World

SKorea to sign trilateral intelligence pact with US, Japan to cope with North Korea threats

  • A boy stands by a North Korea's mock Scud-B missile, left  and other South Korean missiles displayed at Korea War Memorial Museum in Seoul, South Korea, Friday, Dec. 26, 2014. South Korea, the U.S. and Japan will sign their first-ever trilateral intelligence-sharing pact next week to better cope with North Korea's increasing nuclear and missile threats, Seoul officials said Friday. (AP Photo/Ahn Young-joon)

    A boy stands by a North Korea's mock Scud-B missile, left and other South Korean missiles displayed at Korea War Memorial Museum in Seoul, South Korea, Friday, Dec. 26, 2014. South Korea, the U.S. and Japan will sign their first-ever trilateral intelligence-sharing pact next week to better cope with North Korea's increasing nuclear and missile threats, Seoul officials said Friday. (AP Photo/Ahn Young-joon)  (The Associated Press)

  • A North Korea's mock Scud-B missile, center, and other South Korean missiles are display at Korea War Memorial Museum in Seoul, South Korea, Friday, Dec. 26, 2014. South Korea, the U.S. and Japan will sign their first-ever trilateral intelligence-sharing pact next week to better cope with North Korea's increasing nuclear and missile threats, Seoul officials said Friday. (AP Photo/Ahn Young-joon)

    A North Korea's mock Scud-B missile, center, and other South Korean missiles are display at Korea War Memorial Museum in Seoul, South Korea, Friday, Dec. 26, 2014. South Korea, the U.S. and Japan will sign their first-ever trilateral intelligence-sharing pact next week to better cope with North Korea's increasing nuclear and missile threats, Seoul officials said Friday. (AP Photo/Ahn Young-joon)  (The Associated Press)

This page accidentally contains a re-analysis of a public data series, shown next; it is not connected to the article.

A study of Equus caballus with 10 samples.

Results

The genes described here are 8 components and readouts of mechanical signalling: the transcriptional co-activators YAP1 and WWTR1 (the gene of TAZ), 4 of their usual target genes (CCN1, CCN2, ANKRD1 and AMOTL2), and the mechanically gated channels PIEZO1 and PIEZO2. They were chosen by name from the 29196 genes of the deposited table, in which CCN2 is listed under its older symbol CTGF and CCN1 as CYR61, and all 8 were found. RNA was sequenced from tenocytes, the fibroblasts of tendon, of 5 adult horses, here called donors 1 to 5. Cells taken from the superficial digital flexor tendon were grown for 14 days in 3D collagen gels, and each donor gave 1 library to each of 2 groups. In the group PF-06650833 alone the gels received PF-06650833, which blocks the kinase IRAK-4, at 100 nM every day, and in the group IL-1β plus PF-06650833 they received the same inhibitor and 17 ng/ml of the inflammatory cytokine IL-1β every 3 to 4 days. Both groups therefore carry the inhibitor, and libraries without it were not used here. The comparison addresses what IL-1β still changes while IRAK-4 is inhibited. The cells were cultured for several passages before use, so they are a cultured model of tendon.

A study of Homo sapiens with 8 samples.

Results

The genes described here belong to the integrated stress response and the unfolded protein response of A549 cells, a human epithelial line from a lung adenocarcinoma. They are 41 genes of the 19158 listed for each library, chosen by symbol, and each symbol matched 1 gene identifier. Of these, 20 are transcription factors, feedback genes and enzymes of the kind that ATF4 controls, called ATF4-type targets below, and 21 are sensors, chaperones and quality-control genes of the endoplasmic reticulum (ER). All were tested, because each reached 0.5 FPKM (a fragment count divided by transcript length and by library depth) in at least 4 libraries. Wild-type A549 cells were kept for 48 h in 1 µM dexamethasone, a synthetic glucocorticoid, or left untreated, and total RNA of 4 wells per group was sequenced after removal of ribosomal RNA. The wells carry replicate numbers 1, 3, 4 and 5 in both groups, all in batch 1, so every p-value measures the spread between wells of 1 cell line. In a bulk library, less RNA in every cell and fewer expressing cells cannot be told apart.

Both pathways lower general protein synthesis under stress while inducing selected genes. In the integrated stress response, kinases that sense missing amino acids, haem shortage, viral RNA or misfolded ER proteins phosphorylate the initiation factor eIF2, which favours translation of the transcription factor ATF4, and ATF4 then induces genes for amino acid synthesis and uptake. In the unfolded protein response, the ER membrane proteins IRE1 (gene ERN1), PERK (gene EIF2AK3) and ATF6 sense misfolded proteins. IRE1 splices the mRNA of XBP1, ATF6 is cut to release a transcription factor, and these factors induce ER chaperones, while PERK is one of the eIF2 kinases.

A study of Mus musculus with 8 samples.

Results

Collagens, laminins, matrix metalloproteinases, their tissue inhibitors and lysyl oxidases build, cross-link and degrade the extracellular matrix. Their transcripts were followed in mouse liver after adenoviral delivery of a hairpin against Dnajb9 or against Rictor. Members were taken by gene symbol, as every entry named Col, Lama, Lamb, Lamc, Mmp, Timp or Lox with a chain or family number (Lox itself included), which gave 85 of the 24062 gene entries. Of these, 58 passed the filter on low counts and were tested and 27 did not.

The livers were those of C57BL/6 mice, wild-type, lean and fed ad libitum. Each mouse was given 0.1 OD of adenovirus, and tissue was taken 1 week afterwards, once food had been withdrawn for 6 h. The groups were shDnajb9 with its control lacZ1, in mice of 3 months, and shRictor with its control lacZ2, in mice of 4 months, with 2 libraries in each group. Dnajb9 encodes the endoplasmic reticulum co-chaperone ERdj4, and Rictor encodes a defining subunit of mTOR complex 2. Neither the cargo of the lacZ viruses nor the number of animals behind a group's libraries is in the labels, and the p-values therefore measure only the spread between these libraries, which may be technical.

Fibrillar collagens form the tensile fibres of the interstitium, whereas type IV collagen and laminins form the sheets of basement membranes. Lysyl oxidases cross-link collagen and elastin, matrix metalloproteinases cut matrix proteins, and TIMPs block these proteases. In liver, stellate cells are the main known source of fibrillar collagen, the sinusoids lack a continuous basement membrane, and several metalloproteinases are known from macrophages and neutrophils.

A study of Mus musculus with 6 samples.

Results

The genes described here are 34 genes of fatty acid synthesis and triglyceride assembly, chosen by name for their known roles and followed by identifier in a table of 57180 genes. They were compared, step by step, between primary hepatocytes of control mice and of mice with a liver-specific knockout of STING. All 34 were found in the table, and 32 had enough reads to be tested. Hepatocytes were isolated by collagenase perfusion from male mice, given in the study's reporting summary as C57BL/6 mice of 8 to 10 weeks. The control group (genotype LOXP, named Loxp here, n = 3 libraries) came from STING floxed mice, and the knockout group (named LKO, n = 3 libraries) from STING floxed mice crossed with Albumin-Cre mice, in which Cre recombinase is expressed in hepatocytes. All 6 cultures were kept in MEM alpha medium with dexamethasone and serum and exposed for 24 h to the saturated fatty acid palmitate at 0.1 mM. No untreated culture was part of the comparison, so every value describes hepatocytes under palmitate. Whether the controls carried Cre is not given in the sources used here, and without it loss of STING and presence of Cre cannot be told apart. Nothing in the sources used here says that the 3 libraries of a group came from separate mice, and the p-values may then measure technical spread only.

South Korea says it'll sign a trilateral intelligence-sharing pact with the U.S. and Japan next week to better cope with North Korea's increasing nuclear and missile threats.

The U.S. has separate, bilateral intelligence-sharing agreements with South Korea and Japan, both American allies which are hosts to tens of thousands of American troops.

But Seoul and Japan don't have such bilateral pacts amid long-running history disputes stemming from Japan's colonial rule of the Korean Peninsula from 1910 to 1945.

In 2012, the two almost forged their first-ever intelligence-sharing pact but its signing was scrapped at the last minute due to backlash in South Korea.

Seoul's Defense Ministry said Friday that South Korea and Japan would share intelligence on the North's nuclear and missile programs via the U.S. under the agreement.